After slapping other blockchain enterprises with civil penalties, the Securities and Exchange Commission (SEC) continues their enforcement of the 2017 DAO Report. Two years after the report was published, this article examines new regulations for blockchain-based enterprises throughout 2019. For a look from a wider lens, check out the parent article here.
May 2019: Continual Enforcement of the 2017 DAO Report by the SEC
On May 14th, the SEC ordered a cease and desist against NextBlock Global Ltd. NextBlock is owned by Alex Tapscott, a business writer focusing on the impact of emerging technologies like blockchain and cryptocurrency.
From the ruling, Mr. Tapscott agreed to a $25,000 USD civil penalty. Also, no further penalties were imposed on NextBlock due to the prompt remedial actions of the company. However, Alex Tapscott returned the initial investment of debenture holders, totaling $20million Canadian dollars and $28 million in profit from the investments. Mr. Tapscott also willingly declined the carried interest, which would have equaled $3 million Canadian dollars.
Nine days later, the SEC also filed a litigated court action suit against Daniel Pacheco et. al. The defendants were accused of operating a $26.5 million pyramid scheme where they enticed investors with points that could be converted into cryptocurrency.
June 2019: SEC v. Kik Interactive, Inc.
In early June 2019, the SEC targeted Kik Interactive, a software company known for the Kik social platform. BBHQ’s editorial staff covers the targeting of Kik Interactive here for lack of compliance with U.S. blockchain regulations.
July 2019: “Regulation A+” Policy
On July 10, the Wall Street Journal announced that Blockstack, “…made a new fundraising template” as the first blockchain company to be approved for fundraising through digital tokens under Regulation A+ . On the following day, another financial technology company, YouNow, received a similar decision. The SEC green light allows both blockchain enterprises to target retail investors, institutions and wealthy individuals.
Blockstack’s agreement per the filing comes with a stipulation: Blockstack has until the end of January 2020 to obtain 1 million users. If Blockstack fails to meet this metric, the blockchain company must return millions in capital back to its investors.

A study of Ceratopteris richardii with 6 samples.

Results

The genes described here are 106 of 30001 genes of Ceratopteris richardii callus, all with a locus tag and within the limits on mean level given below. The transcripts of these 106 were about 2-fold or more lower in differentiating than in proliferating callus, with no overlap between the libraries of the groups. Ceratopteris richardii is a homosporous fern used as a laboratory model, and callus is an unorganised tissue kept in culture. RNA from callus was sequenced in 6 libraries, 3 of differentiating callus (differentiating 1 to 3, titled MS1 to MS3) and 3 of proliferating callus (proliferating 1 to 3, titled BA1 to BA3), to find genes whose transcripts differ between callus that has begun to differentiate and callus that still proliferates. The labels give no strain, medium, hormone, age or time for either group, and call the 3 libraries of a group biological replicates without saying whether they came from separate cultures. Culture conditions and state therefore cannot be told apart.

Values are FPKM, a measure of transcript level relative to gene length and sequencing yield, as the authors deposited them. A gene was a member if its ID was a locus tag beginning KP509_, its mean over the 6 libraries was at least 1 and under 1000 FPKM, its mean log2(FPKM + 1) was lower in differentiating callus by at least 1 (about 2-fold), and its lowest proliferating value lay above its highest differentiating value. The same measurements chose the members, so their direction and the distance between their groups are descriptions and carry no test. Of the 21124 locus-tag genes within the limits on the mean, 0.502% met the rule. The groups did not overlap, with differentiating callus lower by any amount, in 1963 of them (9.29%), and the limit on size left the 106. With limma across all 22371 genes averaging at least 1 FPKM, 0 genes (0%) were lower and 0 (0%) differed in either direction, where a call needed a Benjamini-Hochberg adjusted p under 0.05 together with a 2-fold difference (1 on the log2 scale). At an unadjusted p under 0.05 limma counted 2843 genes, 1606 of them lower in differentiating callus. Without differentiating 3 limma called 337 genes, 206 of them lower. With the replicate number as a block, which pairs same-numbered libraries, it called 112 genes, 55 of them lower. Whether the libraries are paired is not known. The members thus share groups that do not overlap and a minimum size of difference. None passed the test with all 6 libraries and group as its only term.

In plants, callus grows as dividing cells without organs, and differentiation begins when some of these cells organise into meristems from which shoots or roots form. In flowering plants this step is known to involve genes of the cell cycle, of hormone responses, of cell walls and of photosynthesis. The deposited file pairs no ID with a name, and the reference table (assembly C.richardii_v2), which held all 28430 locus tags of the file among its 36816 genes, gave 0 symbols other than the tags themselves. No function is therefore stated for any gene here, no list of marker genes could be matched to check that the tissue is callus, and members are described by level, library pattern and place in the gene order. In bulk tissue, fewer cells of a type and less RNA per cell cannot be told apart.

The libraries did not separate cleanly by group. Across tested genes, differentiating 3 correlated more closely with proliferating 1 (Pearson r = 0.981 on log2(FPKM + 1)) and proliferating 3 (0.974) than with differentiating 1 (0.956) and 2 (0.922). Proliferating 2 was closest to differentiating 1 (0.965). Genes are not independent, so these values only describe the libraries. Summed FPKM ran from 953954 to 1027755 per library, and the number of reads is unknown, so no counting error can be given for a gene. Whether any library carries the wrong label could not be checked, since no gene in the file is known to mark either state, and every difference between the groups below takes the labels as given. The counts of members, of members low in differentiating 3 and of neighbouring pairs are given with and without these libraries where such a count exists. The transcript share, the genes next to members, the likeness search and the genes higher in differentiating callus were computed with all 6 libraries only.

Time will tell if Blockstack is capable of meeting these goals. Hopefully for blockchain regulation going forward, coin offerings that meet their fundraising goals stay in accordance with existing U.S regulation on DAO offerings. Blockstack is the oldest blockchain company currently in business and it’s not out of the question for the SEC use the success of Regulation A+ to inform future financial technology and blockchain policy. Nothing for Blockstack is guaranteed until January 2020.
Regulatory Uncertainty Expected Heading Into 2020
2019 still holds an uncertain forecast for blockchain-based digital currencies as a viable form of fundraising for blockchain enterprises. In conjunction with the semi-misinformed Congressional hearing of Facebook Libra, the U.S government regulations surrounding blockchain-based enterprises may shift in focus, associated penalties and policy enforcement.
Other nations around the world have recently revised their legislation surrounding financial technology. France, for example, detailed a new framework for initial coin offerings. Additionally, the Autorite des Marches Financiers (AMF) published a white list of approved blockchain corporations.
In Germany, new anti money laundering (AML) regulation came into effect which will require crypto businesses to acquire a BaFin license. Despite the regulatory uncertainty, the BaFin recently approved a $280 million Ethereum-based tokenized real estate bond. Combining blockchain and financial technology is a new territory for regulation that will ask both legislators and blockchain enterprises to stay on their toes.